Thousands of pro-apartheid South African whites marched on government buildings Saturday demanding an election to test the popularity of President F.W. de Klerk's apartheid reform program.

Right-wing Conservative Party leader Andries Treurnicht told about 3,000 people gathered on the lawns below the Union Buildings that de Klerk had no mandate to scrap formal race segregation."De Klerk wants to be something for everyone, and ends up giving nothing to anyone," Treurnicht told the cheering crowd.

"De Klerk owes it to whites to hold a general election so that we have the opportunity to choose the leaders who will decide our future and negotiate with the leaders of other races," he said.

CP officials kept tight control of the march from the city center to the Union Buildings, which dominate a grassy rise at the edge of the business district.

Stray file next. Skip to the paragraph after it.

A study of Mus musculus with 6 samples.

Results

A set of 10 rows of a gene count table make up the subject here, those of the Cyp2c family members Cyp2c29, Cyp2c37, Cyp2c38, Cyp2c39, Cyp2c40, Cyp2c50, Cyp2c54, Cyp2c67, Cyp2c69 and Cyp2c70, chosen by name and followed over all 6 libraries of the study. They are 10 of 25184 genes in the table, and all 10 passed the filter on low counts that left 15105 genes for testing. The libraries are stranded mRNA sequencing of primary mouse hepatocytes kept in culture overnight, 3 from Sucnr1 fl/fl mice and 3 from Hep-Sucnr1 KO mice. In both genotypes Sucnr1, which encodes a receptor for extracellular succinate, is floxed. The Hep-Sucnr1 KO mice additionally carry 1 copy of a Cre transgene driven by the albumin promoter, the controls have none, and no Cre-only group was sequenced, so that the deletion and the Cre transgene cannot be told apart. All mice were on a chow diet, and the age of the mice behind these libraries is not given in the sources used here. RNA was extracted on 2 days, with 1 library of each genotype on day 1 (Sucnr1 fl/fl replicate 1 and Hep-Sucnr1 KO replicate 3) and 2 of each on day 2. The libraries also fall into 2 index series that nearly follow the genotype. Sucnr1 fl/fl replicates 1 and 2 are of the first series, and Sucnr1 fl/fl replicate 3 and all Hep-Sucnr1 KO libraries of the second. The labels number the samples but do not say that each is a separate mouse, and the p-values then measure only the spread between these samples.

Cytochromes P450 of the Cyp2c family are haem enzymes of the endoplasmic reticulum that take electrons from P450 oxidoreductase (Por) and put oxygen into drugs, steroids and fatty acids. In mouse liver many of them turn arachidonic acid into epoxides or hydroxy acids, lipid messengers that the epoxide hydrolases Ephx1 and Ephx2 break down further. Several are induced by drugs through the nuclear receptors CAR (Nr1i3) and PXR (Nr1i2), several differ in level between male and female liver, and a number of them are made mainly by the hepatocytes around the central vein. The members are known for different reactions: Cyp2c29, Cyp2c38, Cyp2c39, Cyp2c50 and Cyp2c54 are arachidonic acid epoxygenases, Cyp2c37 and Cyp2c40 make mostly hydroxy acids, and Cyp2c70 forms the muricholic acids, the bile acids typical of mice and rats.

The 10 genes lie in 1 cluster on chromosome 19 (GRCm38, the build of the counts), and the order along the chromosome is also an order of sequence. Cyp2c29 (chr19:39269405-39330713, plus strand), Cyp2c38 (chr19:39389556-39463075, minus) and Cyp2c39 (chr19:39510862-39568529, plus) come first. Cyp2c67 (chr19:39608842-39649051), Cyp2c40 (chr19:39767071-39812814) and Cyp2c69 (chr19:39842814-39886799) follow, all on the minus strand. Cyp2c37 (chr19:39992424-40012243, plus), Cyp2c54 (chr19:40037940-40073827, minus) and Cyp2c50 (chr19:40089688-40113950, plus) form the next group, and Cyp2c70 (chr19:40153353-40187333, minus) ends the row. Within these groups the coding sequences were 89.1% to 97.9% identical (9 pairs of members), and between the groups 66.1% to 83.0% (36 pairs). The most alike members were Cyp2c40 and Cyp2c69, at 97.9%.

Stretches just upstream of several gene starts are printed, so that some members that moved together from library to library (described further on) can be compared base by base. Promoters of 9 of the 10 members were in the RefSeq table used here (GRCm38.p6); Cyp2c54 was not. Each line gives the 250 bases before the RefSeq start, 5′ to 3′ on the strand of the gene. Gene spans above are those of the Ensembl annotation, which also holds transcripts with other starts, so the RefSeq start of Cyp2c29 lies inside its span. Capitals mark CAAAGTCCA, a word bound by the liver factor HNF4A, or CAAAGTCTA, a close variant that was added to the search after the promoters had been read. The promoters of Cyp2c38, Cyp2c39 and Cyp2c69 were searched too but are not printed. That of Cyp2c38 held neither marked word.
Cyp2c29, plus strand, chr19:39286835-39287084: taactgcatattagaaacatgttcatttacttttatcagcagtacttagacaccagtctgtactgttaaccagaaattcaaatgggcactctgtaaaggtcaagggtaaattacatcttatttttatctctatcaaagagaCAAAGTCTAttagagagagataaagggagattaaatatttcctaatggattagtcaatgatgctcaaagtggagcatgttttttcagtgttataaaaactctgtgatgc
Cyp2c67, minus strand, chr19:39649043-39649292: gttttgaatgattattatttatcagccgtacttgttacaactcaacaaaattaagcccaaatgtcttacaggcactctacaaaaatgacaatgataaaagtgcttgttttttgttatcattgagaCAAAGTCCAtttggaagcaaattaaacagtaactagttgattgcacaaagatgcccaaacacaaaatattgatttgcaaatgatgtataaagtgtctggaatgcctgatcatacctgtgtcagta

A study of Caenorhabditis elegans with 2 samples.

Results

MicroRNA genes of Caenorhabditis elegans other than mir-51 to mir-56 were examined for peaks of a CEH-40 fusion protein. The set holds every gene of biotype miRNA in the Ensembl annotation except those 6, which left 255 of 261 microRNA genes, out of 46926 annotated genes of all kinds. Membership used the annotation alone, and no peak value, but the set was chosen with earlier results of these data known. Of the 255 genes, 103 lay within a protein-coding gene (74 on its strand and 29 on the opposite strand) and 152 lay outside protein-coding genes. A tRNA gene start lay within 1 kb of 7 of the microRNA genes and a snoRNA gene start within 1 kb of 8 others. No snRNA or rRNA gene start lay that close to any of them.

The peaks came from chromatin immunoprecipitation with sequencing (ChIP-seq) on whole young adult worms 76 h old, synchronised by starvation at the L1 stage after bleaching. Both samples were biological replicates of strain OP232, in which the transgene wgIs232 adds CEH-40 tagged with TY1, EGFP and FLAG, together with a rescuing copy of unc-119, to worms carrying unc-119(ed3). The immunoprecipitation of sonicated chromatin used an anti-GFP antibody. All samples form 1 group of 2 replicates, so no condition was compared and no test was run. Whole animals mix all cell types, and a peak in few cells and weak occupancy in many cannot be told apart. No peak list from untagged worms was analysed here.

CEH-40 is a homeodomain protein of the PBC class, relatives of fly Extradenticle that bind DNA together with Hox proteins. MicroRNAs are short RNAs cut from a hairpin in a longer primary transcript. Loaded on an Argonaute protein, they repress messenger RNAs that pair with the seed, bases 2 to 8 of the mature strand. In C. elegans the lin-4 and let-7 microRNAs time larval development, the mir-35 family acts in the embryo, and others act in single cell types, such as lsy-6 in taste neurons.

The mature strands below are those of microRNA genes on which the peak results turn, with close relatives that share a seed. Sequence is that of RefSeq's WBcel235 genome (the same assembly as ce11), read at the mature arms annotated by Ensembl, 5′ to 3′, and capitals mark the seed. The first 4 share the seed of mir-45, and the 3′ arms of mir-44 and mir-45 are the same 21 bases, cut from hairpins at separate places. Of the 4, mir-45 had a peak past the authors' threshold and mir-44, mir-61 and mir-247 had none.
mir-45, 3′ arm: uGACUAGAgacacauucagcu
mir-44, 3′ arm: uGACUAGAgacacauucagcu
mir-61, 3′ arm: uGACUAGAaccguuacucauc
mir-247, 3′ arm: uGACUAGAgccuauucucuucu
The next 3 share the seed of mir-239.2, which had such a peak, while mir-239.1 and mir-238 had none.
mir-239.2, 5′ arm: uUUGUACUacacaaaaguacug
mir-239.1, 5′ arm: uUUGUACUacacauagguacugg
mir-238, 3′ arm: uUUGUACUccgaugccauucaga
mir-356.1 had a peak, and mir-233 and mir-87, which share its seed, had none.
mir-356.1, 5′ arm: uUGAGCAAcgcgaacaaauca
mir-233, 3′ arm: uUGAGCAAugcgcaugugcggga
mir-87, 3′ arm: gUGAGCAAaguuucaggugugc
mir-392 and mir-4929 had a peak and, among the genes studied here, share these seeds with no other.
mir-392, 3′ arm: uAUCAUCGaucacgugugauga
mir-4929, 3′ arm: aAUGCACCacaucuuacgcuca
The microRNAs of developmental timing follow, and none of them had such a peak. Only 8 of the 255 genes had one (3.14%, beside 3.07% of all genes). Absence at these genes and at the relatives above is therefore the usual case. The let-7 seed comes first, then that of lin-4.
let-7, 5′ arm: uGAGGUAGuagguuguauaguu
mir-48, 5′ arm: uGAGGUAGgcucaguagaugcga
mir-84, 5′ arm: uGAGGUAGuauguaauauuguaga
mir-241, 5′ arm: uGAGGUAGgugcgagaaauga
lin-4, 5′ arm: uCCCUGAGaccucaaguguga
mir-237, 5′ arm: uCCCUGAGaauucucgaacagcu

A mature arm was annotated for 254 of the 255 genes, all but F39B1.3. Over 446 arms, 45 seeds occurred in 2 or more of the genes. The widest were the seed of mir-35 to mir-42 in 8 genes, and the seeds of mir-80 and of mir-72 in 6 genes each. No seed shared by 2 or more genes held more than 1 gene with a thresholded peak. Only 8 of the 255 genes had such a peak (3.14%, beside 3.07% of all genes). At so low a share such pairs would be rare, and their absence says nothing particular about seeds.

They weeded out a number of overtly offensive anti-black posters, but others escaped their scrutiny.

Some marchers displayed the swastika-like emblems of white supremacist movements such as the Afrikaner Weerstandsbeweging (AWB-Afrikaner Resistance Movement) and the Boerestaat Party.

Both advocate the establishment of a whites-only state with the compulsory removal of blacks to quasi-independent tribal homelands.

In Johannesburg, shouts of "one settler, one bullet" rang out Saturday as about 3,000 blacks attended the funeral of Zeph Mothopeng, leader of the militant Pan Africanist Congress.

The black opposition group follows a more radical philosophy than the African National Congress and some other organizations. The phrase "one settler, one bullet," refers to killing whites.

Mothopeng, a popular anti-apartheid activist who was jailed several times for his activities, died last month at age 77 after a lengthy illness. He split from the ANC three decades ago to help form and later lead the Pan Africanist Congress, which refuses to recognize the white-led government and opposes sharing power.

Joe Slovo, leader of the South African Communist Party, and representatives of the Canadian, Swedish and British governments attended.